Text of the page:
Real experiences are hard to come by in art. I mean, it's not often you happen to properly, actually live something at an art show. Usually, though, you can tell where an experience is advertised by the queue outside. I remember waiting some forty-five minutes to visit James Turrell's white-clad, edge-free room at the last Venice Biennale. As soon as we stepped out, a couple – too lazy or too considerate to sit down themselves and crawl their way in – stopped me and my girlfriend and asked us, all excited, is it true you feel like you're leaving your body. Not really, no.
There were no queues when I visited Giorgio Andreotta Calò's show at SMART Project Space. Still, timing was indeed critical to my experience of it, and not only because the exhibition's title coincides with its beginning and ending date, emphasizing its own duration.
After removing my shoes, I ventured into a gallery space I had visited countless times, only now ninety-nine percent dark and empty. Holes through the boarded up windows projected silhouettes of the vegetation surrounding the venue on the floor and walls, sometimes at unreal angles. The corners furthest from the light were literally wrapped in grayish fog, a combination of darkness and possibly some artificial vapor that also produced a particular smell. I found myself grabbing for walls that seemed to have disappeared.
The humming, mechanical sound accompanying my visit gave it a vaguely sinister atmosphere, yet the familiarity of the exhibition space provided the right amount of control over my walk through the thickening obscurity. Shoeless, I felt like a child who is at once afraid of the dark and thrilled by the chance for adventure.
The last room was the real treat. As I entered, and I think this is why the timing was perfect, I could see nothing but darkness around me. No ghostly greenery waving lazily on the room's surface, no romantically-cast window frames stretching across the floor. Just black space, a pale strip of light in front of the door I came in from and, creepily enough, what sounded like another visitor trapped in the same hole (I didn't hear any closing or opening of doors before the sound stopped, so I guess I must have imagined it).
I admit that, for a second, I was tempted to walk all the way back through the whole exhibition, to the entrance hall. Then I proceeded to systematically grope my way all around the room, increasingly unaware of its borders. I hit wall, wall, wall, then patted some textile barrier blocking the way – a soft obstacle that I, as a consenting exhibition-goer, implicitly agreed not to remove – then wall again. As I turned to see where the light was, I had a moment of disorientation: it seemed like the entrance from which I had come in had moved, as the strip of light that first faced it had now revolved counter-clockwise to light up another door. The exit, to which I had been completely oblivious the whole time.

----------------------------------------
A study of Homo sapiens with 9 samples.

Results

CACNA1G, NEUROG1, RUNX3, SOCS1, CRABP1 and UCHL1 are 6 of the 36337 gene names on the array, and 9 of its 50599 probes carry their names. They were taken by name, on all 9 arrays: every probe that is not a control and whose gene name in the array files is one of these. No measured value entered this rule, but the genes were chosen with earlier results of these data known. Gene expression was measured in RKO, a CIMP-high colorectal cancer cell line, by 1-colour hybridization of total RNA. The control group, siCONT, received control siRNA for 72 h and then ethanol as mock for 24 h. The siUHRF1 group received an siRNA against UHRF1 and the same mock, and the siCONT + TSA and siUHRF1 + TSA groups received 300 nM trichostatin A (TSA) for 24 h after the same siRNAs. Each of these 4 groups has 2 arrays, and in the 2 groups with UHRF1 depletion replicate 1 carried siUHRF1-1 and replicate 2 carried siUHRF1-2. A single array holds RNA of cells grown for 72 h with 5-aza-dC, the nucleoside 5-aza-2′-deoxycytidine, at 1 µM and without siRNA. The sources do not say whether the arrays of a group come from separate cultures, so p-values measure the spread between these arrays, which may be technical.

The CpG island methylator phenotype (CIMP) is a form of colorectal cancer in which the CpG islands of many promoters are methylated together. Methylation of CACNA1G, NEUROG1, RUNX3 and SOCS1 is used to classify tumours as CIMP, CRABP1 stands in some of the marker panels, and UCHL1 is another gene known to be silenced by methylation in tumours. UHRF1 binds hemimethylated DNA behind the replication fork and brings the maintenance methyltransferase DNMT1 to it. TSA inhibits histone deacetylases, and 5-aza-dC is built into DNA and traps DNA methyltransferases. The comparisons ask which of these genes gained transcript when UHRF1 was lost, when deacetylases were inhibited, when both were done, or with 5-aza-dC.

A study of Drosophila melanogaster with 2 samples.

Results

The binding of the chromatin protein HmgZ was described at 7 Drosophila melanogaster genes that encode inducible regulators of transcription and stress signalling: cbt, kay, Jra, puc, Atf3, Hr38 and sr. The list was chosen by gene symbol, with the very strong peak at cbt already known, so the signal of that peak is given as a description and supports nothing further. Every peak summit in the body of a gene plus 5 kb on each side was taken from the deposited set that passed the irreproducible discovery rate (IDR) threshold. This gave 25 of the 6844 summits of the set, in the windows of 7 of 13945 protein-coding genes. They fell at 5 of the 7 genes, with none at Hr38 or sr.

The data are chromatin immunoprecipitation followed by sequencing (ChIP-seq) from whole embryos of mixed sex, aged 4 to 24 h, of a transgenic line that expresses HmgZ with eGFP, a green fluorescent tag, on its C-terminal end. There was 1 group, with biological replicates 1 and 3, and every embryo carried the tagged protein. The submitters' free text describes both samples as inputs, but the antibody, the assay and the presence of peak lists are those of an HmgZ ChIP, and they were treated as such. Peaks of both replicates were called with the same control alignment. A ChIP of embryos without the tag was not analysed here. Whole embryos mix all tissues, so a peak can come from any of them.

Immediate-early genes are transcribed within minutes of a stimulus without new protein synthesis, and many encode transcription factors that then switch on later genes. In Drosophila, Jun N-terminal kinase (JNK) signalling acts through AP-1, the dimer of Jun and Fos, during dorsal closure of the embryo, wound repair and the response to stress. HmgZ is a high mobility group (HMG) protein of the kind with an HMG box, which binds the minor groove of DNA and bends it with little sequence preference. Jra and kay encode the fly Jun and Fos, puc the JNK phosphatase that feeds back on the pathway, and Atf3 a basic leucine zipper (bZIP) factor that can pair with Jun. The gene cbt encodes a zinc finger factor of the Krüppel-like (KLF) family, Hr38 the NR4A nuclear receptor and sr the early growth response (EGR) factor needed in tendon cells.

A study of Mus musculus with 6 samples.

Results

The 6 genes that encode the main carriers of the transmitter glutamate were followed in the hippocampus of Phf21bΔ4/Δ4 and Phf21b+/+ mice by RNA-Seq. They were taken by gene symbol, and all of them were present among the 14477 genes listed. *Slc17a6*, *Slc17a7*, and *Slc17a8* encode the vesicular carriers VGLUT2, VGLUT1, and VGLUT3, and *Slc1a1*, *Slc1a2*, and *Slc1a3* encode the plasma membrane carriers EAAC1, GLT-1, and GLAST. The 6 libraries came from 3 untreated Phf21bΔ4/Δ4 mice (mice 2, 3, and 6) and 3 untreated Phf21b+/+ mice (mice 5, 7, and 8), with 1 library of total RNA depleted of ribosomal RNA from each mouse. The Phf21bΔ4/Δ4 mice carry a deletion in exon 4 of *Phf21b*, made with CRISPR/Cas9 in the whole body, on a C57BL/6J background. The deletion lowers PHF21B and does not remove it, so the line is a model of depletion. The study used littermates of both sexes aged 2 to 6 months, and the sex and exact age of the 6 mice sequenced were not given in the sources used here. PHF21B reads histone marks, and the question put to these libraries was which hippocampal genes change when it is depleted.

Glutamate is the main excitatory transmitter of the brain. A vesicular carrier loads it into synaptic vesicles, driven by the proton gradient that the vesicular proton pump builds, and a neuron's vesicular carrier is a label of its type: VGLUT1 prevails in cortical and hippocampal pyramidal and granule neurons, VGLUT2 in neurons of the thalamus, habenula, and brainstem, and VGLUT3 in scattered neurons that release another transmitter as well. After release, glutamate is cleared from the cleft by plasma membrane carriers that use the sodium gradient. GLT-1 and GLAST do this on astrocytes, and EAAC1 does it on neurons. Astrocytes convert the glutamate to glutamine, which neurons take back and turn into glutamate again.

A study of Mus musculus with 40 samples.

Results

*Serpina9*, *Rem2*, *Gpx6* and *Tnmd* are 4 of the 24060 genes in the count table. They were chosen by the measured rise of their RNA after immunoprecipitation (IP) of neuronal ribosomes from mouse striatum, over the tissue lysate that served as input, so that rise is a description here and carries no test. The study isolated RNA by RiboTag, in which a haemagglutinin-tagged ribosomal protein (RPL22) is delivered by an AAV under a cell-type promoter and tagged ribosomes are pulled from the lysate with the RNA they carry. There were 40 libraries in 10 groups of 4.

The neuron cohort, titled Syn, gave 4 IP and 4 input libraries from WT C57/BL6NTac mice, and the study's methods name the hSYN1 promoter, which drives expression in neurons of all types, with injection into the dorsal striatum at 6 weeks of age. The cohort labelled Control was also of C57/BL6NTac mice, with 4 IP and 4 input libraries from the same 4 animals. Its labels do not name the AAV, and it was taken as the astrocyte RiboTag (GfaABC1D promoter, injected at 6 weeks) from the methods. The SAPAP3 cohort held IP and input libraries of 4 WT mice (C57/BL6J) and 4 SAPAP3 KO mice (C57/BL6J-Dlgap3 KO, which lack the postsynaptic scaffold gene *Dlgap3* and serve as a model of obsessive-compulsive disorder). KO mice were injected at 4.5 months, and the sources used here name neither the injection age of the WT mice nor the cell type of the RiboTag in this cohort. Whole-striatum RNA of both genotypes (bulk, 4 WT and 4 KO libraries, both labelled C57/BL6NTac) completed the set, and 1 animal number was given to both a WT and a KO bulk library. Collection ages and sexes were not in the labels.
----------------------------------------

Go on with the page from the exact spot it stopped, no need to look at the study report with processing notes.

Had I come in at a different moment, had other visitors been there to spoil my inspired solitude, or had I started my wall-tapping the other way, the timing would have been different. Maybe my heart would not have jumped like it did, when the way out manifested itself right where it had to be. Ok, I admit I might have not-so-subconsciously left the best for last, but still, the instinctual recognition of the exit made the entire wait worth it. Even though I am a space-obsessed kind of guy, for once time was a crucial part of the equation for me.
The whole thing reminds me of a trip to Scotland a few years ago. A friend of mine and I were exploring the countryside around his parents' house near Aberdeen, climbing fences and entering abandoned churches he had sneaked into since he was little. As the afternoon faded into evening, we were walking through a forest, one he once knew by heart as a kid. After a while it became so dark I literally had no other visual point of reference apart from him, the rest being a black mist. I wasn't really worried of getting lost – I trusted my guide – so I started becoming more aware of the soothing sound of a creek flowing somewhere nearby, entering a feeling of spaceless relaxation. At some point, as I turned my head, out of the darkness emerged a short wooden bridge, crossing the stream I had listened to the whole time. Standing out of the surrounding dimness, the bridge resembled a whitish object hovering in a dimension of its own. As small as my adventure was – mostly in my head – to see it was a quasi-enlightening moment of relief.
By now I guess you can tell: from its cautious beginning to the childish thrill and the almost epiphanic closure, the exhibition at SMART felt something like that. Perhaps it's not much of an adventure, but inspiring child-like awe in grown-ups without administering them drugs is no small achievement to me.
(All images: Giorgio Andreotta Calò, 08.09.2012 – 21.10.2012, installation view; Photos by Niels Vis / Courtesy of the artist and SMART Project Space, Amsterdam.)